The only municipality in our state that borders both New York and Pennsylvania is finally starting to feel a little bit more like New Jersey.
Residents of rural Montague Township, population 3,753, no longer have a New York mailing address. High school students are no longer being bused across the border to [New York].
Now, that’s not to say that Montague is the typical New Jersey town. It covers more than 45 square miles, but there is not a single traffic light to be found. It’s home to High Point, the tallest elevation in New Jersey at 1,803 feet, but prohibits buildings from rising above 35 feet.
I’m a sucker for newsletters and subscribe to a bunch, but don’t read them all consistently. Here are a few (more) that have been must-reads for me lately:
Tim Carmody’s brand new email 100% focused on tracking and contextualizing the movements of one of the most influential companies on the planet.
Deane Barker’s Squirrel Notes is a must-read for CMS wonks, reporting on the latest content management trends, tools, events, etc. Usually a good bit of nostalgia too.
My pal Heath‘s venerable blog, reborn in newsletter form. A roundup of interesting news and commentary across the landscape of culture, media, technology, politics, science, health, and more.
But the other thing I use BBEdit for is a bit more esoteric and hard to describe—something I call “text munging”, for lack of a better word.
Text munging takes many forms, but generally it happens when you’ve got a bunch of text in one format and you need to get it into a different format. I’ve used BBEdit to transform the source pages of websites, to format a mailing list properly, and more. Today I used it to generate a podcast feed out of a chunk of HTML.
BBEdit has been my go-to text editor, notepad, and “text munger” since I started using a Mac as my primary computer, I think around 2001-2002.
I depend on it many times daily, and similar to Snell, just last week used BBEdit to migrate blog posts from a broken Movable Type installation by transforming its static HTML files into XML for importing to WordPress.
Related reading: learning regex via BBEdit.
David Bazan’s first album as Pedro the Lion since 2004. It’s very Bazan-y and very good.
[…] Yet vitamin D supplementation has failed spectacularly in clinical trials. Five years ago, researchers were already warning that it showed zero benefit, and the evidence has only grown stronger. In November, one of the largest and most rigorous trials of the vitamin ever conducted—in which 25,871 participants received high doses for five years—found no impact on cancer, heart disease, or stroke.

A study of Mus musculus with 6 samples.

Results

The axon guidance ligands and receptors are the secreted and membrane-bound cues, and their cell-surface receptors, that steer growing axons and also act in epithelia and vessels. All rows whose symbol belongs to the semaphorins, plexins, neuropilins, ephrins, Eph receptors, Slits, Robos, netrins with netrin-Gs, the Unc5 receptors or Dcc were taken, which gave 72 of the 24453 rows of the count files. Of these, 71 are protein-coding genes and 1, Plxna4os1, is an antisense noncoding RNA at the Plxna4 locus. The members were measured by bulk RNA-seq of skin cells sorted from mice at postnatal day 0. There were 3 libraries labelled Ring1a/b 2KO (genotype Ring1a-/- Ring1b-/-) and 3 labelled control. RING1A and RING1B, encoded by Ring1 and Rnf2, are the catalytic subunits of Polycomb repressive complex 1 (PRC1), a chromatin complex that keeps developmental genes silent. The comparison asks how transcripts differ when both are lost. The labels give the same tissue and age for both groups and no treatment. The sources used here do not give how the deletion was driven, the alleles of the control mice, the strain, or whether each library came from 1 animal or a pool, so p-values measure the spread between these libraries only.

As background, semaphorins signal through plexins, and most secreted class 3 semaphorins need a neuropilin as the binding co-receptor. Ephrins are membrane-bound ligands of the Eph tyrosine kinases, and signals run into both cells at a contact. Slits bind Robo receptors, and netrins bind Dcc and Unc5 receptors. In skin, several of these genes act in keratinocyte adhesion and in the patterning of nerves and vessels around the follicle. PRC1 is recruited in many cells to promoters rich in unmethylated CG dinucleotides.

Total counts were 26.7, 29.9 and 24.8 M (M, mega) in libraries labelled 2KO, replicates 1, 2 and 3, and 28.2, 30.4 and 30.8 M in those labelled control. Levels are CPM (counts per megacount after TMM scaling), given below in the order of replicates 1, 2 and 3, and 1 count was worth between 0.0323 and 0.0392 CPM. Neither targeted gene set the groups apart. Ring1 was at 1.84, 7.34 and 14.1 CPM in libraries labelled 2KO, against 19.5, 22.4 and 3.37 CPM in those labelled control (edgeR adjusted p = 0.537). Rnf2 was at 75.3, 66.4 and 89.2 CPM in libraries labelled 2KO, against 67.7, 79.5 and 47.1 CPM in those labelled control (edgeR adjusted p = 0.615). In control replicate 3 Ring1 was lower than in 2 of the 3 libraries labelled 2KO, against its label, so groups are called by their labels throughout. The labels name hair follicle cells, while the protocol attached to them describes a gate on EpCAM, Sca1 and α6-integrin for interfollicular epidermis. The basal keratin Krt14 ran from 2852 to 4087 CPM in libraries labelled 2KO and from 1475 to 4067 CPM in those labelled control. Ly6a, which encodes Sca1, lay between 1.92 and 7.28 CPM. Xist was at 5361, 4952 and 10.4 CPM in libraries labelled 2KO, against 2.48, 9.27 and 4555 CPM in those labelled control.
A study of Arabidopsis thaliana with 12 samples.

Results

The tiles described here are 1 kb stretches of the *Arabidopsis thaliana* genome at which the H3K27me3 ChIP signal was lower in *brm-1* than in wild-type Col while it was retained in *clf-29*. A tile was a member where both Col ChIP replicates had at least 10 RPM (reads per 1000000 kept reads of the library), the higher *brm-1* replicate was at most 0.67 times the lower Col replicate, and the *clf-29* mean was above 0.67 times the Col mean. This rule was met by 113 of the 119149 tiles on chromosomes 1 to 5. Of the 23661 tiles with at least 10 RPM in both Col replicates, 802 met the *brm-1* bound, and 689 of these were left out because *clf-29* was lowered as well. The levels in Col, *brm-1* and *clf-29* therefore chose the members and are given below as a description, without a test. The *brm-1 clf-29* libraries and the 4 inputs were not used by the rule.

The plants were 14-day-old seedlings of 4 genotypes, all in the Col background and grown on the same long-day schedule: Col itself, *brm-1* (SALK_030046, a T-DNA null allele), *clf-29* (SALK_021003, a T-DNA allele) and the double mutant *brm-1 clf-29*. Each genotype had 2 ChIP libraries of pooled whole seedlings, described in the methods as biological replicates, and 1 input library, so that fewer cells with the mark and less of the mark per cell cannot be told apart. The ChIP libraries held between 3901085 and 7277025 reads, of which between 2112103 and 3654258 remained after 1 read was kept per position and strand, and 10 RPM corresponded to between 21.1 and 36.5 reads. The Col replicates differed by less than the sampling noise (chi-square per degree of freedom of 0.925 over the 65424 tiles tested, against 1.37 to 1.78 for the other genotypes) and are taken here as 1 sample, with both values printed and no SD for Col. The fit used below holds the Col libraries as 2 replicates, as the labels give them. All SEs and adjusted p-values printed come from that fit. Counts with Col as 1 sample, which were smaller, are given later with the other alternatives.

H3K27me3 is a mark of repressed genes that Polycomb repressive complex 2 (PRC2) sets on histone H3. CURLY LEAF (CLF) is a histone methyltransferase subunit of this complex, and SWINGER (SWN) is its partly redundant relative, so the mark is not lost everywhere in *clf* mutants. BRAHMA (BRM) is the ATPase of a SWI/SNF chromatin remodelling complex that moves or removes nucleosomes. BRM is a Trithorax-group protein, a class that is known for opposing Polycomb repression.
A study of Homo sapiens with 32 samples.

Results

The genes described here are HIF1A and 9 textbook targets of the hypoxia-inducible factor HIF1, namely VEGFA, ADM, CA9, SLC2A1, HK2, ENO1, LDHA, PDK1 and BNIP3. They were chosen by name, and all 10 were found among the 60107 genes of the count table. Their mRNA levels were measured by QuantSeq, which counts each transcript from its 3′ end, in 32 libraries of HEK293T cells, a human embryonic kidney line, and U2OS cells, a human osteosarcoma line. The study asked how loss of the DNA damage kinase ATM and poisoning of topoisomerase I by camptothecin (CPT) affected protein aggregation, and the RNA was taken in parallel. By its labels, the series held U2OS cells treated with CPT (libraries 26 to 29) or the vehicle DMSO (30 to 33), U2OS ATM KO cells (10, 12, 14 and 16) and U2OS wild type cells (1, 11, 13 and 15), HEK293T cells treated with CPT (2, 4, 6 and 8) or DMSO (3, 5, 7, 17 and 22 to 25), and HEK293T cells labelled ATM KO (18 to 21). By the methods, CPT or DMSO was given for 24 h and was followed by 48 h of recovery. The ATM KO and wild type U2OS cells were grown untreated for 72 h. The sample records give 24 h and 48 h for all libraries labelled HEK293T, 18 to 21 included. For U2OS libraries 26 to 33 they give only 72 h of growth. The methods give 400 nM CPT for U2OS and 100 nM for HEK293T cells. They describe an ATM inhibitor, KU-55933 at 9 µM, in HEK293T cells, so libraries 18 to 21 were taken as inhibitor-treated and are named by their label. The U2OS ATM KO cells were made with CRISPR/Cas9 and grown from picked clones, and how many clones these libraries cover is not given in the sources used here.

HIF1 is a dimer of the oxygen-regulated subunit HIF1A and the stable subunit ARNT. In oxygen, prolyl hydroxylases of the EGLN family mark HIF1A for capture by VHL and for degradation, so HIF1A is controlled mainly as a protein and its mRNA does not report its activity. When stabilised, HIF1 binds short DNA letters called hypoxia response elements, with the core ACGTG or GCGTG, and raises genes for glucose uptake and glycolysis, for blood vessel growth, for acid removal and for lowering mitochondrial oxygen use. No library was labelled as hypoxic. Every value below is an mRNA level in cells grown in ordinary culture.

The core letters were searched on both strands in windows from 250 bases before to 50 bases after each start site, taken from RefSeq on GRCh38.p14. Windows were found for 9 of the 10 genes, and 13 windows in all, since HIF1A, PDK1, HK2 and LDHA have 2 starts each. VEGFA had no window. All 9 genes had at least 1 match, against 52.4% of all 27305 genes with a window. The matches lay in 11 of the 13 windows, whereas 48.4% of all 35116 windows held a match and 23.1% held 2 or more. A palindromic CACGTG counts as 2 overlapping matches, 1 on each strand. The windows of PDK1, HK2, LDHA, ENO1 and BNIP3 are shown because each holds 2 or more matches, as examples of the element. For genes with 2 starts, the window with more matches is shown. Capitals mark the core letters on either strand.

How did we get it so wrong? How could people with low vitamin D levels clearly suffer higher rates of so many diseases and yet not be helped by supplementation?
As it turns out, a rogue band of researchers has had an explanation all along. And if they’re right, it means that once again we have been epically misled.
These rebels argue that what made the people with high vitamin D levels so healthy was not the vitamin itself. That was just a marker. Their vitamin D levels were high because they were getting plenty of exposure to the thing that was really responsible for their good health—that big orange ball shining down from above.
How content-management systems will shape the future of media businesses big and small.
3000 words on content management systems? 😍
A colleague recently sent me this poem, by David Whyte, as a way of encouraging a new perspective. It helped.
When your eyes are tired the world is tired also. When your vision has gone, no part of the world can find you. Time to go into the dark where the night has eyes to recognize its own. There you can be sure you are not beyond love. The dark will be your home tonight. The night will give you a horizon further than you can see. You must learn one thing. The world was made to be free in. Give up all the other worlds except the one to which you belong. Sometimes it takes darkness and the sweet confinement of your aloneness to learn anything or anyone that does not bring you alive is too small for you.
The best way I can describe the effect is to liken it to a software upgrade for my brain — an update designed to guard against the terrible way the online world takes over your time and your mind.
I started meditating for 5-10 minutes per day around October of last year (inspired by a talk from Dan Harris), and while I’ve faltered a little along the way, I do feel better when it’s part of my daily routine. I had been put off by the apparent spirituality of meditation, but Dan’s talk helped me understand that I can enjoy the benefits of practicing mindfulness without the spiritual…baggage.
If you’re looking for mindfulness app recommendations, check out Oak—it’s simple to use and free; a good place to start.
I missed this news from October. Noteworthy today in light of the DocumentDB announcement from Amazon Web Services.